This dissertation focuses on creating a pluralistic approach to understanding and measuring interdisciplinarity at various scales to further the study of the evolution of knowledge and innovation. Interdisciplinarity is considered an important research component and is closely linked to higher rates of innovation. If the goal is to create more innovative research, we must understand how interdisciplinarity operates.
I begin by examining interdisciplinarity with a small scope, the research university. This study uses metadata to create co-authorship networks and examine how a change in university policies to increase interdisciplinarity can be successful. The New American University Initiative (NAUI) at Arizona State University (ASU) set forth the goal of making ASU a world hub for interdisciplinary research. This kind of interdisciplinarity is produced from a deliberate, engineered, reorganization of the individuals within the university and the knowledge they contain. By using a set of social network analysis measurements, I created an algorithm to measure the changes to the co-authorship networks that resulted from increased university support for interdisciplinary research.
The second case study increases the scope of interdisciplinarity from individual universities to a single scientific discourse, the Anthropocene. The idea of the Anthropocene began as an idea about the need for a new geological epoch and underwent unsupervised interdisciplinary expansion due to climate change integrating itself into the core of the discourse. In contrast to the NAUI which was specifically engineered to increase interdisciplinarity, the I use keyword co-occurrence networks to measure how the Anthropocene discourse increases its interdisciplinarity through unsupervised expansion after climate change becomes a core keyword within the network and behaves as an anchor point for new disciplines to connect and join the discourse.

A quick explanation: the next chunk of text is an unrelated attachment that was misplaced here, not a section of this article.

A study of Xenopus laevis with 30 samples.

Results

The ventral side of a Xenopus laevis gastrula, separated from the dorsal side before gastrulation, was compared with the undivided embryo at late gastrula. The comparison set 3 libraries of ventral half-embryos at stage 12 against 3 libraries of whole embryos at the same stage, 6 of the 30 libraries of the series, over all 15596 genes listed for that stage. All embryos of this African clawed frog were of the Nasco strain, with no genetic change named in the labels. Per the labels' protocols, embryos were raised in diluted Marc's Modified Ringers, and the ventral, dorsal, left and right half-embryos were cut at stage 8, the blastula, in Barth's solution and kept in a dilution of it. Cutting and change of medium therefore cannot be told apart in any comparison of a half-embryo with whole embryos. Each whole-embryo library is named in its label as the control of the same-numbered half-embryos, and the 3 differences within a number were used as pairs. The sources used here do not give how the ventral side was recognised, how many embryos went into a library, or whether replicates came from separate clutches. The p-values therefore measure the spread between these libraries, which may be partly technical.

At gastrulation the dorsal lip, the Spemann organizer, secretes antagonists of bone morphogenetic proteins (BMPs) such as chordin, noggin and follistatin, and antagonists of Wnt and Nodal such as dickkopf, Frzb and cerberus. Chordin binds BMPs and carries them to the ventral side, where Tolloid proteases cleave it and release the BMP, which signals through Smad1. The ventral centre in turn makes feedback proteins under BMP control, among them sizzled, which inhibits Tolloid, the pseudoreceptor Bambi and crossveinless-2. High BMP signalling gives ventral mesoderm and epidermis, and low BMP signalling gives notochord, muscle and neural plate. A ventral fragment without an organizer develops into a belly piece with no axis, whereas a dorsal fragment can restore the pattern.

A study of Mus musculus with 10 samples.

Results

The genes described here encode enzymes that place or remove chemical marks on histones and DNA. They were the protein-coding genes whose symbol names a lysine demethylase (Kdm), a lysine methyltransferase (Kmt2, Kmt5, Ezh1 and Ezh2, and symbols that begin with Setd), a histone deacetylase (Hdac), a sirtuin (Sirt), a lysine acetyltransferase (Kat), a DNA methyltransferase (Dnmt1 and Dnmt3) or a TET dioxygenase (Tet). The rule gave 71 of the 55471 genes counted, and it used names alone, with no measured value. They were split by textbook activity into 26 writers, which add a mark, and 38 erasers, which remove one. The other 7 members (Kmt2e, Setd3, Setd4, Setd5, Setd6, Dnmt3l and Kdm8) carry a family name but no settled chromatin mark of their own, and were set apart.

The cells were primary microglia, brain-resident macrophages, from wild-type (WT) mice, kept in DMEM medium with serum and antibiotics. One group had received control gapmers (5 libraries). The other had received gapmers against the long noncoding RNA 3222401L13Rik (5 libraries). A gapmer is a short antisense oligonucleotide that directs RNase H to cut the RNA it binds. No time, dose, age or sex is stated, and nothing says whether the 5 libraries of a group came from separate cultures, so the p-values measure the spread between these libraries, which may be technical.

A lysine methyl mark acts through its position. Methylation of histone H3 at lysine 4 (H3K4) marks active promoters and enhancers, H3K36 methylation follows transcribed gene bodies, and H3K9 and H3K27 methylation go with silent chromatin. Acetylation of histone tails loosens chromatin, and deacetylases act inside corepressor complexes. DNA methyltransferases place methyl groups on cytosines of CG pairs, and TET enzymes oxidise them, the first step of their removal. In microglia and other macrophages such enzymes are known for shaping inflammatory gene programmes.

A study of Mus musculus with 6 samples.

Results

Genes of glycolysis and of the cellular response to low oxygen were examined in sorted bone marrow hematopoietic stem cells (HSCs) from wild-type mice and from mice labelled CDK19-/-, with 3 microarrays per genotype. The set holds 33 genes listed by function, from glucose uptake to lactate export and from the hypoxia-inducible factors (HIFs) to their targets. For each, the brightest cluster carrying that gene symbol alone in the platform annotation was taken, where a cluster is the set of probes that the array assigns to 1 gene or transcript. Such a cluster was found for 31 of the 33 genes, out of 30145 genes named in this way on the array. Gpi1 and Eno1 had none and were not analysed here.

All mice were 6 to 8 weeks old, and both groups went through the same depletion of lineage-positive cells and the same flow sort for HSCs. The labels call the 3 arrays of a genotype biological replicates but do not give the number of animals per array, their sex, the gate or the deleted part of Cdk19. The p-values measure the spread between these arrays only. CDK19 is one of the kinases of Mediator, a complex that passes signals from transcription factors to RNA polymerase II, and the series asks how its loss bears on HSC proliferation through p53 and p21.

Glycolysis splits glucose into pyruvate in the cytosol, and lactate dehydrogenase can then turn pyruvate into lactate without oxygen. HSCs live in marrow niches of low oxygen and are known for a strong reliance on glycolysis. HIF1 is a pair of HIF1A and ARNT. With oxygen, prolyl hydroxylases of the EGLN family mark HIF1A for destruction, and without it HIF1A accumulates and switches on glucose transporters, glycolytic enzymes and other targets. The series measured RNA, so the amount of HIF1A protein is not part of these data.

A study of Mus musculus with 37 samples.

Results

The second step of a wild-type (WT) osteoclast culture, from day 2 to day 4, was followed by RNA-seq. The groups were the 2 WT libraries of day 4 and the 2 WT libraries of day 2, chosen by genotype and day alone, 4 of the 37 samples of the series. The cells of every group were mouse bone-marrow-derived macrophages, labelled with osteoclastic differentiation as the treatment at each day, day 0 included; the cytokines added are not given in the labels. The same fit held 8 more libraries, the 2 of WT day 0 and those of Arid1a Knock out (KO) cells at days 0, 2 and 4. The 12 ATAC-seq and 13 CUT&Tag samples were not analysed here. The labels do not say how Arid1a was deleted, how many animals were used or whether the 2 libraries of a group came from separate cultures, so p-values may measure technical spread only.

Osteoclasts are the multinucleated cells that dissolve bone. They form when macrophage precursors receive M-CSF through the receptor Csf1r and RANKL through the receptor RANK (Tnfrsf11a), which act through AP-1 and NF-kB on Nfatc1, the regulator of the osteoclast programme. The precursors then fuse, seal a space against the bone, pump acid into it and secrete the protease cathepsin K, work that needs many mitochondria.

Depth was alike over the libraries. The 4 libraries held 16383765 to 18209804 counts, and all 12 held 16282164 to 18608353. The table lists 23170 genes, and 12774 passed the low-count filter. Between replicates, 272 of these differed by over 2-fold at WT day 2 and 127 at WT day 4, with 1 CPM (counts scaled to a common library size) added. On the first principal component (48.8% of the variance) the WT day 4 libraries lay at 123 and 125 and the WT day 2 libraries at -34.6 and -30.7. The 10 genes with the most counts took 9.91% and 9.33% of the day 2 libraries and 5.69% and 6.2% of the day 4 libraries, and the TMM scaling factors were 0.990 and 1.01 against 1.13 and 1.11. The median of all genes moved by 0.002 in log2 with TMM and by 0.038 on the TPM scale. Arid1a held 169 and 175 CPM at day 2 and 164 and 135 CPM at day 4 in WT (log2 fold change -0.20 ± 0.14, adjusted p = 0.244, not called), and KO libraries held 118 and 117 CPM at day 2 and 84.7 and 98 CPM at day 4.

The scope of interdisciplinarity increases again with the final case study about the field of evolutionary medicine. Evolutionary medicine is a case of engineered interdisciplinary integration between evolutionary biology and medicine. The primary goal of evolutionary medicine is to better understand "why we get sick" through the lens of evolutionary biology. This makes it an excellent candidate to understand large-scale interdisciplinarity. I show through multiple type of networks and metadata analyses that evolutionary medicine successfully integrates the concepts of evolutionary biology into medicine.
By increasing our knowledge of interdisciplinarity at various scales and how it behaves in different initial conditions, we are better able to understand the elusive nature of innovation. Interdisciplinary can mean different things depending on how its defined. I show that a pluralistic approach to defining and measuring interdisciplinarity is not only appropriate but necessary if our goal is to increase interdisciplinarity, the frequency of innovations, and our understanding of the evolution of knowledge.